January 30, 2008

40 Years Ago in News History: 1968 Was More Than a Year

The Minneapolis Tribune, Jan. 31, 1968 (Newseum collection)

The Minneapolis Tribune, Jan. 31, 1968 (Newseum collection)

The Commercial Appeal, Memphis, Tenn., April 5, 1968 (Newseum collection)

The Commercial Appeal, Memphis, Tenn., April 5, 1968 (Newseum collection)

The Evening Sun, Baltimore, April 8, 1968 (Newseum collection)

The Evening Sun, Baltimore, April 8, 1968 (Newseum collection)

Sunday Herald Traveler, Boston, June 9, 1968 (Newseum collection)

Sunday Herald Traveler, Boston, June 9, 1968 (Newseum collection)

<i>Chicago Tribune</i>, Aug. 29, 1968 (Newseum collection)

Chicago Tribune, Aug. 29, 1968 (Newseum collection)

Chicago Tribune, Dec. 24, 1968 (Newseum collection)

Chicago Tribune, Dec. 24, 1968 (Newseum collection)

Rebellion and revolt. Radicals and rock.

"Nineteen sixty-eight was the volcanic center of the Sixties with landscape-altering eruptions every month," Tom Brokaw wrote in "Boom! Voices of the Sixties."

Today, 1968 is defined by its news.

Throughout the year, front pages brought graphic images from the unpopular Vietnam War. On Jan. 31, The Minneapolis Tribune reported a six-hour fight at the U.S. Embassy in Saigon at the start of the Tet offensive. News from Vietnam eventually contributed to President Lyndon B. Johnson's decision not to seek re-election, an announcement that the Chicago Tribune said stunned the nation.

Racial tensions had plagued the country in the early '60s, and a 1968 report by the Kerner Commission said racism and economic inequity triggered rioting in U.S. cities. The report prompted newsrooms across the country to hire more minorities.

In the spring, Americans were shocked when the country lost two leaders who spoke out against the war and battled for the rights of minorities and the poor.

The Rev. Martin Luther King Jr. was in Memphis, Tenn., on April 4 to support striking sanitation workers when he was shot and killed while standing on a hotel balcony. "Looting, Arson Touched Off by Death," said The Commercial Appeal, which pleaded for calm in a front-page editorial and offered a reward for information.

Rioting erupted across the country after King's assassination. A three-line headline topped the April 8 Evening Sun of Baltimore: "Widespread Looting, Scattered Fires Continue in Baltimore."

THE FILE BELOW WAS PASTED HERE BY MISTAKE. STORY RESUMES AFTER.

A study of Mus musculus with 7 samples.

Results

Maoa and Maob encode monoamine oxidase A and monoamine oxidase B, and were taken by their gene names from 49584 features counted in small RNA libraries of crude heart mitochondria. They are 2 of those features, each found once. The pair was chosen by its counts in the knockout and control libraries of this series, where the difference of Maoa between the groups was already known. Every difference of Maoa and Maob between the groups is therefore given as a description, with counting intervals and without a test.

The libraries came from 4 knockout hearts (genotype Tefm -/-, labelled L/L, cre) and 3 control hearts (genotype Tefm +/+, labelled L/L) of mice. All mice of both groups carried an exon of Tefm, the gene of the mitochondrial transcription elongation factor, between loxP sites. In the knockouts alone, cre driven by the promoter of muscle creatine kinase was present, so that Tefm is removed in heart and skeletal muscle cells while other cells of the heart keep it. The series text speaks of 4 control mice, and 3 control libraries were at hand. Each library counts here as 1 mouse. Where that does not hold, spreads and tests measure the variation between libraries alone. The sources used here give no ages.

Two months later, Sen. Robert F. Kennedy was assassinated in Los Angeles after winning the California Democratic presidential primary. On June 9, the Sunday Herald Traveler of Boston reported "Grieving Nation Bids RFK Adieu" and detailed "A Brother's Tribute" by Sen. Edward Kennedy.

That summer, Vice President Hubert H. Humphrey won the Democratic nomination for president. "One Ballot; It's Hubert," the Chicago Tribune said on Aug. 29. Almost as large was a secondary headline, "Cops, Hippies War in Street," a reference to the protests and violence that marred the convention.

President-elect Richard M. Nixon dominated national newspapers, including the Nov. 6 Evening Star of Washington, D.C.: "He faces one of the most difficult periods in the history of the presidency," reporter Haynes Johnson wrote.

Bob Giles, curator of the Nieman Foundation for Journalism at Harvard University, was metro editor of the Akron (Ohio) Beacon Journal during that fateful year.

"The tragic stories that dominated the front pages of the Beacon Journal during 1968 weighed heavily on all of us in the newsroom as moments in which we saw our world changing forever," Giles said. "In December, when Apollo 8 orbited the moon, we finally had a big story to feel good about."

During its historic mission, Apollo 8 sent images back to Earth. A picture of Earth taken from 200,000 miles in space appeared in the Dec. 24 Chicago Tribune. The photo's caption summed up the year's news:

"Earth in a New Perspective."

What historic event or topic in the news would you like us to feature next? Send your suggestion to talktous@newseum.org.